Teachers ensure that children understand and remember mathematical knowledge, concepts, and procedures appropriate for their starting points, including knowledge of efficient algorithms to ensure children are ready for their next stage of education.


Children at Bishop Bridgeman sharpen their mental agility in numeracy and the ability to instantly recall basic facts by having recall opportunities to do so. They will be able to explain their strategies and talk about their reasoning, sharing ideas with others through using specific mathematical terminology. They will acquire the skills needed in handling data and interpreting information and presenting in graphs, diagrams, charts, and tables. 


Staff at Bishop Birdgeman cultivate an enjoyment for mathematics and a positive attitude, approaching all problems with confidence and enthusiasm, enabling children to reach their full potential and achieve their highest possible standards. 


  • Leaders have carefully planned and sequenced the appropriate knowledge, concepts, and procedures to build mathematical knowledge and skills systematically.  The maths curriculum is designed with clear end points for what children will be able to know and do at key points. Teachers introduce new material in manageable steps lesson by lesson. Planning will be linked directly to the National Curriculum mathematics programmes of study.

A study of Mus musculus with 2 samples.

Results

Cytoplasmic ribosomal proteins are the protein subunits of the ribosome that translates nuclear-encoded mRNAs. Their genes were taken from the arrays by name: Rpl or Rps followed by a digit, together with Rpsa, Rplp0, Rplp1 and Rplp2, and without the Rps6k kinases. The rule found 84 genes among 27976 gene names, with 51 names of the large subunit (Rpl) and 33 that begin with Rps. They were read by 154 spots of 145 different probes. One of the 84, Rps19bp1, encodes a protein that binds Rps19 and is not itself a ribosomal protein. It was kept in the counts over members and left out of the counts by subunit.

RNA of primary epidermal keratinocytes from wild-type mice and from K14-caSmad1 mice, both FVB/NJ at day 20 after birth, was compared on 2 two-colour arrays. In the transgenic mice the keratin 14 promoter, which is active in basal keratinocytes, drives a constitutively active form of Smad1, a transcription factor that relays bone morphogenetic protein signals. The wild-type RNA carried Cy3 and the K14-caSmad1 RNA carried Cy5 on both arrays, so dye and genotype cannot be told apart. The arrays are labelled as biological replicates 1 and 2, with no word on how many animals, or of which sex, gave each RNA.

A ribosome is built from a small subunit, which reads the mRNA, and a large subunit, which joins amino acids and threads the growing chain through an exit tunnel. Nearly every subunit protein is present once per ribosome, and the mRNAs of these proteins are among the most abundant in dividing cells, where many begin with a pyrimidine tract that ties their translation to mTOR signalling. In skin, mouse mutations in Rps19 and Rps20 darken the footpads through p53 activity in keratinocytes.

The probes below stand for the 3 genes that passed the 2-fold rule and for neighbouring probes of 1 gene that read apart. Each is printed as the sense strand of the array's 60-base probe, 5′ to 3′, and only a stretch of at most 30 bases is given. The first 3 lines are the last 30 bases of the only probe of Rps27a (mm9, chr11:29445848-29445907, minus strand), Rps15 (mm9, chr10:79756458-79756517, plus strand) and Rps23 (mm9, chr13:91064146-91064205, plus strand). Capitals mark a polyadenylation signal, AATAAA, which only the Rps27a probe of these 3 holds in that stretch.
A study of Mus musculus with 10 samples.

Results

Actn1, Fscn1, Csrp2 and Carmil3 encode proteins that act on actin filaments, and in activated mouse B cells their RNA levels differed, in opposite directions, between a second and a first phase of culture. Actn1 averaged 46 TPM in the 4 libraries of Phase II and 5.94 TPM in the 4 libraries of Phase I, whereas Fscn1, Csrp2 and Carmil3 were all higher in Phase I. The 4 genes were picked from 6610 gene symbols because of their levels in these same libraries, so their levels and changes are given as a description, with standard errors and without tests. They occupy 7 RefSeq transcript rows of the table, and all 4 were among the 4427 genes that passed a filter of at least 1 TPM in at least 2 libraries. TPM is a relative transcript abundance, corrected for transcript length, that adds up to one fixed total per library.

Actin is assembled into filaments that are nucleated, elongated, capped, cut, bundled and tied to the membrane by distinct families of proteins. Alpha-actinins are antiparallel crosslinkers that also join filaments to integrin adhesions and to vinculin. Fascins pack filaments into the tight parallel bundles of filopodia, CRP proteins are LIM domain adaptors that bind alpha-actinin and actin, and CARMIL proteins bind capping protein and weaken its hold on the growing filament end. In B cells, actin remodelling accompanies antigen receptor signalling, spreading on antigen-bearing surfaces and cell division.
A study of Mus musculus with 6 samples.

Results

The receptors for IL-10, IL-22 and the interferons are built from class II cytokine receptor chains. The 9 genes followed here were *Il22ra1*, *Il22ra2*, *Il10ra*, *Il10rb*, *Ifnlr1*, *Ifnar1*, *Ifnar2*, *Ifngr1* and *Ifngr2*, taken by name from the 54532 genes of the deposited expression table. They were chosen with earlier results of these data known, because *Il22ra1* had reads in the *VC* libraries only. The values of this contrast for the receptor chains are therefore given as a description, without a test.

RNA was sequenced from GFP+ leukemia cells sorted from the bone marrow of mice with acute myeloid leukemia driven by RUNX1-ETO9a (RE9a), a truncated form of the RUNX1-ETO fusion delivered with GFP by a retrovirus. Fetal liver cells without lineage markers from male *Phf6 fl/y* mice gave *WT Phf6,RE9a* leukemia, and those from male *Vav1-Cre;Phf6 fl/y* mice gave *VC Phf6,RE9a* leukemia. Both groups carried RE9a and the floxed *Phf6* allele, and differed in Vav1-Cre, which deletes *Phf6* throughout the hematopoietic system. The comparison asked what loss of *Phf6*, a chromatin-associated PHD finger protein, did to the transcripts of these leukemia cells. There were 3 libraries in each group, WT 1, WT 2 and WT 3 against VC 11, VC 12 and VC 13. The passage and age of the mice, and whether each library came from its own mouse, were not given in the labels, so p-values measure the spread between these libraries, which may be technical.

• Number and place value

  • Addition and Subtraction

  • Multiplication and Division

  • Fractions

  • Measurements

  • Properties of shape

  • Position and direction

  • Statistics


Teachers will use formal as well as on-going teacher assessment to adapt their planning where appropriate to meet the needs of all children. For vulnerable children, including those with Special Education Needs, the curriculum has been adapted to ensure the curriculum contains the content that leaders have identified as most useful.


The school curriculum allows opportunity for mathematical reasoning and solving problems so that children can make useful connections between identified mathematical ideas or to anticipate practical problems they are likely to encounter in adult life.   The curriculum is designed so that there are sufficient opportunities to revisit previously learned knowledge, concepts, and procedures; this is to ensure that, once learned, mathematical knowledge becomes deeply embedded in children’s memories.